Welcome to the Machine: Why call this place davidgraeber.industries?


from Luigi Serafini’s Codex Seraphinianus. Might the emitted vapours be beneficial?

It has come to my attention that this institution’s name inspires controversy: davidgraeber.industries.

Perhaps it reminds people of industrial capitalism: Little hands crushed in demonic gears churning out units of “content.”

Let us assure you, this is no normal industrial undertaking. This factory charges no money & gives everything away! And its name was enthusiastically chosen by David himself. (From a page of search results I sent him.)

When he saw “davidgraeber.industries,” he immediately knew it was the right choice. As did I, when he told me. So I didn’t think to question it. Now I must attempt to explain our intuitions, unable to ask David.

First, let’s clear our minds with a little mental exercise. David advocated “charitable interpretations”: If something looks bad, perhaps you can add something to make it look good. And if you want David-level imagination (after all, your mind is no less valuable than his!), this is good practice: turn bad things into good by imaginatively adding something.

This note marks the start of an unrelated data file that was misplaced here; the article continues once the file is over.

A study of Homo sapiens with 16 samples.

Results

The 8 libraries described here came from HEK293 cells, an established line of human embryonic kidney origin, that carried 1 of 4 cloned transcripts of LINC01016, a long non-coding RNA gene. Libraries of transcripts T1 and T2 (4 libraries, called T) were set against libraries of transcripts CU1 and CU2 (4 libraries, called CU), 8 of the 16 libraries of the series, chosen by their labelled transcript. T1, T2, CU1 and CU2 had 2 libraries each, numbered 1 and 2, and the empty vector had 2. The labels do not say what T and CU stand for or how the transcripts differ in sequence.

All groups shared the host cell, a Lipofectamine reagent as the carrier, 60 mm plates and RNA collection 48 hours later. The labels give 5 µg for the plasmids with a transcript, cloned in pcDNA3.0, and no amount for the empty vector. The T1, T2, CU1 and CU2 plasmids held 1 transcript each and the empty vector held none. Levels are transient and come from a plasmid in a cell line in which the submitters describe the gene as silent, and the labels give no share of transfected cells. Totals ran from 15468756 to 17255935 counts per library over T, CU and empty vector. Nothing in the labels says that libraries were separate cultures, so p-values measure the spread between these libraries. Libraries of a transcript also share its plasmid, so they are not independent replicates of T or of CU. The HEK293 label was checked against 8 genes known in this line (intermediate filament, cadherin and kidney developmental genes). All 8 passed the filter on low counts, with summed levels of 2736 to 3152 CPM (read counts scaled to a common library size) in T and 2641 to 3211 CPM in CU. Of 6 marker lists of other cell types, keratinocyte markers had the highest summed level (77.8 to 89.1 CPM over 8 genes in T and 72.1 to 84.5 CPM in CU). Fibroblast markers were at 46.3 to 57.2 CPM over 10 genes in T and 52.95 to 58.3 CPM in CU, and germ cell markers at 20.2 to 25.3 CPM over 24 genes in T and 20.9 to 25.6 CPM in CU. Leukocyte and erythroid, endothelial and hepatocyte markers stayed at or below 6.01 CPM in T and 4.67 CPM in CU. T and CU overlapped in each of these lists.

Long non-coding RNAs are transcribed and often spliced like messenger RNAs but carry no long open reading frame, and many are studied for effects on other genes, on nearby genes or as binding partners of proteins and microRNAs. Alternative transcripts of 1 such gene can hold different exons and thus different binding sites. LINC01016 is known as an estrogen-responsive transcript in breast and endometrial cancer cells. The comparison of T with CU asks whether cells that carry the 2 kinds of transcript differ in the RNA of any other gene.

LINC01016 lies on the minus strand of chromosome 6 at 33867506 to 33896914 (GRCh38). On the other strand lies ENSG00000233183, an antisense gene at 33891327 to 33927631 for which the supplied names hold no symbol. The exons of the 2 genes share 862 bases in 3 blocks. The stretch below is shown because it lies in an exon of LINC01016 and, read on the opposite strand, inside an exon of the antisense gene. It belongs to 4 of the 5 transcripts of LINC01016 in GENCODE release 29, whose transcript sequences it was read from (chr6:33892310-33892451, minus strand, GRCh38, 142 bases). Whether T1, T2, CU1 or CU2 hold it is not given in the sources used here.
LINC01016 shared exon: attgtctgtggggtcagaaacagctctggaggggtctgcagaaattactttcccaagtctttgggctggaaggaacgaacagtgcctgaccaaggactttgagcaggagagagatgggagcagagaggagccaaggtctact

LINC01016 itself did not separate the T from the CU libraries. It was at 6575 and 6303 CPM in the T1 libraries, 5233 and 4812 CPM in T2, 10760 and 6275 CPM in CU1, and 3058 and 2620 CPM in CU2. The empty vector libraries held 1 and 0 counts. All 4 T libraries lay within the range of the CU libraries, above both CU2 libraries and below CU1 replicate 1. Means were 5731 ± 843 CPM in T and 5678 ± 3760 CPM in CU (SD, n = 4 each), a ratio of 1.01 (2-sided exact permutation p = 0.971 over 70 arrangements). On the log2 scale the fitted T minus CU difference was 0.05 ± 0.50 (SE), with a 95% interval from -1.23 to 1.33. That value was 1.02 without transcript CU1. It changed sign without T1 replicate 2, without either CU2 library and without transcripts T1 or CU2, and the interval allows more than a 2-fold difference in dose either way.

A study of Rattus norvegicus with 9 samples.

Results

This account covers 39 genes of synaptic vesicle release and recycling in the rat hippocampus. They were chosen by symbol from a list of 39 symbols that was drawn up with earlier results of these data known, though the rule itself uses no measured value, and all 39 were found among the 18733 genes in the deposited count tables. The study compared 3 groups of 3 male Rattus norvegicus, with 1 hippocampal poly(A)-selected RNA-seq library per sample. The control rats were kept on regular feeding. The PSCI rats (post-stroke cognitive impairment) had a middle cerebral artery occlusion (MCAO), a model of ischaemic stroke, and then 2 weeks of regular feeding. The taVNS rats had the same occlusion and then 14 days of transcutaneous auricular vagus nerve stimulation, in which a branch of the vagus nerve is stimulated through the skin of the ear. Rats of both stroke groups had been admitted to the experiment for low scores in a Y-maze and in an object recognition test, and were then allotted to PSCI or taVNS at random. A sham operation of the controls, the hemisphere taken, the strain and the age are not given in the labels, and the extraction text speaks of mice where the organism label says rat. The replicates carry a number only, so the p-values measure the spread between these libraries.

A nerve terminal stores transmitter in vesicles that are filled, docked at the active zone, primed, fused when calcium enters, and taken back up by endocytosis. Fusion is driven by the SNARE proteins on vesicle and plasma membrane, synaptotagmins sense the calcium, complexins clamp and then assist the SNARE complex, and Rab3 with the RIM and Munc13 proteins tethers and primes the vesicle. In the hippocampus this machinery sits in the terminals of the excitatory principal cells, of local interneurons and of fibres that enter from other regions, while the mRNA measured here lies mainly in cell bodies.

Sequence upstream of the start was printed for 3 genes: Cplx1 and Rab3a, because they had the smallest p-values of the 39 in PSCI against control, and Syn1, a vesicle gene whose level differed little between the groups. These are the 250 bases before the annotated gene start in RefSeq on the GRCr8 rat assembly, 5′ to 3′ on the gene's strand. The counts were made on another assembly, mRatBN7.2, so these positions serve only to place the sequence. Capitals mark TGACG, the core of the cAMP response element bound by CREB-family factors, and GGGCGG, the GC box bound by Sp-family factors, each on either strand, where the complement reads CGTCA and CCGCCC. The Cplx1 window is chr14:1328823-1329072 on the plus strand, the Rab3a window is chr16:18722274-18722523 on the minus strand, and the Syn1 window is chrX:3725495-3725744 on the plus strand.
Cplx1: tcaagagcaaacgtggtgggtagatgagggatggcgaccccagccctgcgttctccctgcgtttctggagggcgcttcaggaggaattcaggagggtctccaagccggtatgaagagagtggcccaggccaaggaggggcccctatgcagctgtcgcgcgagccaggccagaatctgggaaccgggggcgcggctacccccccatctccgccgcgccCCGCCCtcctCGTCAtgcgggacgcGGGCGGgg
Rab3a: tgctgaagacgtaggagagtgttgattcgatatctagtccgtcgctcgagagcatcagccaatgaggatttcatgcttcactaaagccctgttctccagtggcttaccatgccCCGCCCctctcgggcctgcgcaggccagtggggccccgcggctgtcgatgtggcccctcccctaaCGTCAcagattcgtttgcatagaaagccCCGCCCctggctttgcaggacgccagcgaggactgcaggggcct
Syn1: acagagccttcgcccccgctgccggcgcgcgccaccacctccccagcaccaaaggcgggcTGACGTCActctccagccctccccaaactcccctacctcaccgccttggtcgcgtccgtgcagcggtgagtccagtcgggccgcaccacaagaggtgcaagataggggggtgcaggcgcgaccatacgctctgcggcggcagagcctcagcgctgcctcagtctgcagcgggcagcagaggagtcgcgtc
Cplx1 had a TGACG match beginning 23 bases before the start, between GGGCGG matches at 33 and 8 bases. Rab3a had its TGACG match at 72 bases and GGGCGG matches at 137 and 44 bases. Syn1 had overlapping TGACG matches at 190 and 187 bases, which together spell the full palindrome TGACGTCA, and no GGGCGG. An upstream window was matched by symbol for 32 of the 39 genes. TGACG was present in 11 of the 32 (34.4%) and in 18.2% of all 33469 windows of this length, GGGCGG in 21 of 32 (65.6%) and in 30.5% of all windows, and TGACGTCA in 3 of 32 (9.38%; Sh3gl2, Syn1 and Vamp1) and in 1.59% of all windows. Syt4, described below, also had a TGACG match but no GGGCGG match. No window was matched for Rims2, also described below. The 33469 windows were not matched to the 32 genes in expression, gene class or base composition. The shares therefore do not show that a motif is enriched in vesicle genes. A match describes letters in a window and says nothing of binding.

So what are some charitable ways to interpret “industries”?

Well, imagine yourself as David: a neurotic workaholic busting his ass for decades writing books & occupying things. You might be forgiven for being rather pleased at your fleet of works. Assembled as a result of your stubborn child-like industriousness, madly scribbling & exploring where you’re not supposed to.

And in a slightly different world, couldn’t “industry” mainly just build tools for human liberation? Free us from drudgery & amplify our imaginations? (Unlike this world, where “industry” is a Rube Goldberg contraption to transform Earth to be more amusingly Venus-like.)

After all, David saw possibilities. Which means he often lived in alternate possible worlds—likely experiencing this world as their dull shadow.

Consider his favourite desert-island book (circa 2005): Stanisław Lem’s “The Cyberiad.” It doesn’t depict emotionless factories—but rather conscious & creative factories understandably annoyed by their obnoxious STEM Lord creators.

Or maybe we could scroll through his beloved Codex Seraphinianus (with a warm cocoa?) to imagine what “industry” could mean.

By the way, there’s a seperate-but-related-question: Why did we make this website in the first place? There’s actually an odd story behind it! But that story can wait for another day.